Kenya's Sacco Societies Regulatory Authority (Sasra) chairman Mr Joseph Ole Lenku (left), Mr John Githinji of New Fortis Sacco and Mr Francis Nganga of Metropolitan National Sacco on September 21, 2016. FSD in a new study questions the Sasra's role in ensuring compliance with guidelines in the key saccos sub-sector and protection of savers’ money. PHOTO | FILE 

By BRIAN NGUGI

Posted  Friday, February 17   2017 at  11:29

In Summary

  • According to FSD, most saccos are currently operating high risk models that are prone to liquidity risks.
  • Systemic instability is fuelled by weak or non-existent oversight among Kenya’s saccos.
  • Kenya has over 5,000 registered saccos with more than $5 billion in savings and an asset base of $6.9 billion.
  • FSD says the incentive to change is unclear and most are trapped in poor management cycles because of failure by the sector regulator to crack the whip.
  • FSD estimates that from 2006 to 2013 the proportion of Kenyans using financial services rose from 60.7 per cent to 74.5 per cent.

Kenya’s savings and credit co-operatives (saccos) are operating without effective accounting and control systems, putting billions of savers’ funds at risk, the Financial Sector Development Trust (FSD Kenya) has warned.

FSD in a new study, whose outcome has just been released, questions the Sacco Societies Regulatory Authority’s (Sasra) role in ensuring compliance with prudential guidelines in the key saccos sub-sector and protection of savers’ money.

FSD says most, if not all, saccos are currently operating high risk models that are prone to liquidity risks – citing the rampant failure to monitor or report loan defaults that ultimately expose them to systemic risk of insolvency.

“Most, if not all, saccos maintain a high risk operating model. The response of many to pressure for increased levels of capital assets has been a strategy of rapid expansion of membership that masks, and potentially exacerbates, continued liquidity risk. Whilst new members bring deposits, their incentive to join is to access loan funds, placing ever greater demands on sacco liquidity,” says FSD.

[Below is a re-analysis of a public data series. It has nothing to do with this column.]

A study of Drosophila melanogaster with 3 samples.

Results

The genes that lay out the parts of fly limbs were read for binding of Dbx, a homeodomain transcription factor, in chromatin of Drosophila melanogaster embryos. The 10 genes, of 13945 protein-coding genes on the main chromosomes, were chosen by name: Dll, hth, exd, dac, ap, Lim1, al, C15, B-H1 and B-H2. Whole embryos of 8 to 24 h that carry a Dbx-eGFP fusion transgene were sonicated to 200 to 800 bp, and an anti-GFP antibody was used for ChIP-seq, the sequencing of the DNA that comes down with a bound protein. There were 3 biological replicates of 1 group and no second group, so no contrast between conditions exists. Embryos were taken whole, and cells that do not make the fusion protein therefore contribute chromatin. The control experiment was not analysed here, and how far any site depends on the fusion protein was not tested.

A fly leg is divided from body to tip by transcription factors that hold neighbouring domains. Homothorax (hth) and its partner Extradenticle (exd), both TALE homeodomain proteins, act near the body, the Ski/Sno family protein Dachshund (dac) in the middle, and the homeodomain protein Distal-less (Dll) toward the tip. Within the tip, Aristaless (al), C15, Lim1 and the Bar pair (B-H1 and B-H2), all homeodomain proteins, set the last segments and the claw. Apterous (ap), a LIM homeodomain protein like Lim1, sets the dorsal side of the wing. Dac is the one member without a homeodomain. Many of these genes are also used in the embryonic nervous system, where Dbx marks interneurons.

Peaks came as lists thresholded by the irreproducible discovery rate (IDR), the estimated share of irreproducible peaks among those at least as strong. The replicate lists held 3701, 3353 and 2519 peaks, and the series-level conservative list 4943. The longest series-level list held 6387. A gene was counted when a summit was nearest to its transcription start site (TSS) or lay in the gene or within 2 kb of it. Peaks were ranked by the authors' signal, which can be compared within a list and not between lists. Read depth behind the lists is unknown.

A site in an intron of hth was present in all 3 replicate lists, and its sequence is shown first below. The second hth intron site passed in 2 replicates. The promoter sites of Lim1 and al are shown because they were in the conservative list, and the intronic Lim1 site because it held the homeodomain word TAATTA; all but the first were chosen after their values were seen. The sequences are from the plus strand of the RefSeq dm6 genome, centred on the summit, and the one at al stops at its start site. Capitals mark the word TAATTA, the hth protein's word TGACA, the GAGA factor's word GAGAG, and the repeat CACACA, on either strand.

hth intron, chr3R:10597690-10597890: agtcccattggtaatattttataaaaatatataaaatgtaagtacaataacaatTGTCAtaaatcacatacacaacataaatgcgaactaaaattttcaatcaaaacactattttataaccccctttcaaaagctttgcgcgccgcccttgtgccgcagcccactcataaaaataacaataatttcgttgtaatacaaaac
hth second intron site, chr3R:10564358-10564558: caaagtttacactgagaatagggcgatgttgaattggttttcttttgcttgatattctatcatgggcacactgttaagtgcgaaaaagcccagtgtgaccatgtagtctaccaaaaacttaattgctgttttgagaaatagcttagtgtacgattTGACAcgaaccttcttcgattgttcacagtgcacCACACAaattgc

Superficial compliance

Systemic instability is fuelled by weak or non-existent oversight among Kenya’s saccos, FSD says, pointing to weak oversight in a sector that controls billions of shillings in savings.

FSD, a non-profit organisation that researches and offers financial services sector advisory, says that although most sacco managers are unwilling to reform, Sasra’s failure to effectively oversight the sector is holding back that change.

It claims the risk of default and unrecoverable loans is high as “sacco compliance remains superficial”.

Kenya has over 5,000 registered saccos with more than $5 billion in savings and an asset base of $6.9 billion.

An estimated 230 saccos offer front office services activities (Fosas) through 550 outlets, enabling them to compete effectively in the retail banking business and lend non-members.

Saccos are seen as better lenders because they are member-focused and largely dedicate all the resources to meeting the borrowing needs of members.

Financial rot

Despite the financial rot in the management of saccos, FSD says the incentive to change is unclear and most are trapped in poor management cycles because of failure by the sector regulator to crack the whip.

“The ability of Sasra to monitor and sanction non-compliant saccos would appear limited. As a consequence, Sasra relies heavily on data provided by saccos themselves when considering applications. Past experience suggests there remains considerable inaccuracy in the information available from many saccos,” FSD says.

The study reckons that despite their financial vulnerability, most saccos have been using whatever cash is available to pay out dividends even in the face of apparent insolvency, rather than invest in business improvements.